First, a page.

Reformation Day! Many of us know October 31 has Halloween, but did you know that October 31 is also Reformation Day? #ReformationDay
2017 marked the 500th year since Martin Luther nailed the 95 Thesis to the church door!
Reformation Day is a religious holiday celebrated alongside All Hallows’ Eve. It is to help remember the Reformation by Martin Luther. Celebrated mainly with the protestant churches like the Lutherans and the Reformation Church.1
“Reformation Day marked a departure from doctrinal error and superstition and a return to the Bible. Salvation by grace alone through faith alone in Christ alone.”
Martin Luther wrote The 95 Thesis on this day and nailed it to the Castle Church door in Wittenburg in Germany and the Protestant Reformation was born. Luther questioned some of the practices of the Catholic Church. This was on October 31, 1517. The 95 Thesis was originally written in Latin. It was later translated into German.2
Most churches celebrate Reformation Sunday, instead of Reformation Day. Reformation Sunday is the Sunday before October 31 and makes All Saints Day on or before November 1.1
The holiday commemorates the actions of a man who was willing to stand against the ideas of his day and to present God’s Word as our guide for salvation (John 3:16) and Christian living.3
In his preaching and writing, Luther began to emphasize two main points: justification by faith and the priesthood of all believers. Justification by faith means that Christians can never earn God’s love or forgiveness. All that Christians must do is to accept God as God, and God will love and forgive and cherish them. The priesthood of all believers means that every Christian has his or her own personal relationship with God, reading the Bible and worshiping in his or her own language, and praying directly to God without anyone’s going in between.4
The 95 powerful statements defended the Authentic Christian faith against misleading religious practices. These became a catalyst for the Protestant Reformation and inspired people to pursue true repentance and a foundation built on Biblical Truths for their faith.October 31 is when Martin Luther nailed the 95 Thesis to the Church Door and this day also became known as Reformation Day. #ReformationDay Click To Tweet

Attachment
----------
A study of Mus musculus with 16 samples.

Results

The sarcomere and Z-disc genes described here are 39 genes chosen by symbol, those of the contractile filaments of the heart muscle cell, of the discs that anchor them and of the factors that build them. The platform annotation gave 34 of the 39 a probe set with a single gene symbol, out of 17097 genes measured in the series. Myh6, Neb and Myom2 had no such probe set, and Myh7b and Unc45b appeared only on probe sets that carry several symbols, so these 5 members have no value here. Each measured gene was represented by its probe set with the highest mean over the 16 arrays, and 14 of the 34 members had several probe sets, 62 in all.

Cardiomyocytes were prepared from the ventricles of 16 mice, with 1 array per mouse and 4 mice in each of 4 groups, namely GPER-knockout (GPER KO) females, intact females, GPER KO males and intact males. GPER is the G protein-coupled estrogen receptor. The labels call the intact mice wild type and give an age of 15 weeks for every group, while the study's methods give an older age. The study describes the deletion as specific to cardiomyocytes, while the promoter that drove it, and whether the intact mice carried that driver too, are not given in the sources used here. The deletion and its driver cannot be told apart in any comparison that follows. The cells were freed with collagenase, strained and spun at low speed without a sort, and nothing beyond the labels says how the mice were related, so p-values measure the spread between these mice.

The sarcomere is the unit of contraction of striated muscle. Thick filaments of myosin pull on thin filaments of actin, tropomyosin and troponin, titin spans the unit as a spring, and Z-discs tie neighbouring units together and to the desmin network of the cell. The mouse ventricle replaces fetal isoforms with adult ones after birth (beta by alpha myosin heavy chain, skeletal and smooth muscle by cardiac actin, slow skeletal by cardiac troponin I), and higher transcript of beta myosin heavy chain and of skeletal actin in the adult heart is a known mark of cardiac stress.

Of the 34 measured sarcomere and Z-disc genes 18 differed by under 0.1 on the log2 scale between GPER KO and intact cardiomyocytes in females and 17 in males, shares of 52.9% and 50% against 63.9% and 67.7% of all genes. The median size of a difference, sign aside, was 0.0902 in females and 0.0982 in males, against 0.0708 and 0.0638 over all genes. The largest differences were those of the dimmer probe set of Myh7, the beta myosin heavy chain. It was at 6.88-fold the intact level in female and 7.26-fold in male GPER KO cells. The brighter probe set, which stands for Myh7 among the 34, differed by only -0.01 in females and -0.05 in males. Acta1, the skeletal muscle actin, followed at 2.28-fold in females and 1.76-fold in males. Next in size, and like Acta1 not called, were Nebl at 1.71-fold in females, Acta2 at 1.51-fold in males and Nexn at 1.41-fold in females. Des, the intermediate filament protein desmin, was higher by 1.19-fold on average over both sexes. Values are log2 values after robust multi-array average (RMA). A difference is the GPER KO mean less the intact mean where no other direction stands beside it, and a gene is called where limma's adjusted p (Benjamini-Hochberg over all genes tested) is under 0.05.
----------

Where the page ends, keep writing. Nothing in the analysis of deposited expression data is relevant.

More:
October 31st is also known as National Evangelism Day.
Grace Alone – Faith Alone – Christ Alone
One Million Tracts has a gospel tract about Reformation Day. This is what the front of the tract says.
The 5 Solas
- Sola Scriptura (Scripture Alone)
- Sola Fide (Faith Alone)
- Sola Gratia (Grace Alone)
- Solus Christus or Solo Christo (Christ Alone)
- Soli Deo Gloria (Glory to God Alone)
Happy Reformation Day! (It isn’t just Halloween)
The truth written here is sweeter and lasts an eternity longer than any Halloween candy! On October 31st, 1517, Pastor and Professor Martin Luther nailed a list of 95 arguments on a church door in Germany. Back then that’s how you started a discussion. Luther’s arguments gained wide acceptance and were sent throughout Europe via the newly invented printing press. His central concern was the Roman Catholic Church teaching that rejected the Bible’s simple instruction that one can be made right with God, but only by faith in God’s Son, Jesus Christ.
Departure from doctrinal error
I saw this posted on Todd Stinnett’s Facebook page. “It marked a departure from doctrinal error and superstition and a return to the Bible. Salvation by grace alone through faith alone in Christ alone.” My friend, Pastor Justin Breeden shared his post on his wall, in 2015, that is how I saw this. Stinnett, a resident of Powell, TN. A town not too far from Jefferson City where I live. It’s just north of Knoxville. The image that I used came from that blog post.5
I think the above quotes and rewrites from the sources below sum up what Reformation Day is. If you want to dig deeper, feel free to click on the links below. You can also do a google search and find more.
I will not recant full length movie on Martin Luther
- WikiPedia | Reformation Day
- WikiPedia | The 95 Thesis
- Got Questions
- Sunday School Lessons
- Todd Stinnett | Facebook
First published October 31, 2015. Last Republished October 26, 2020.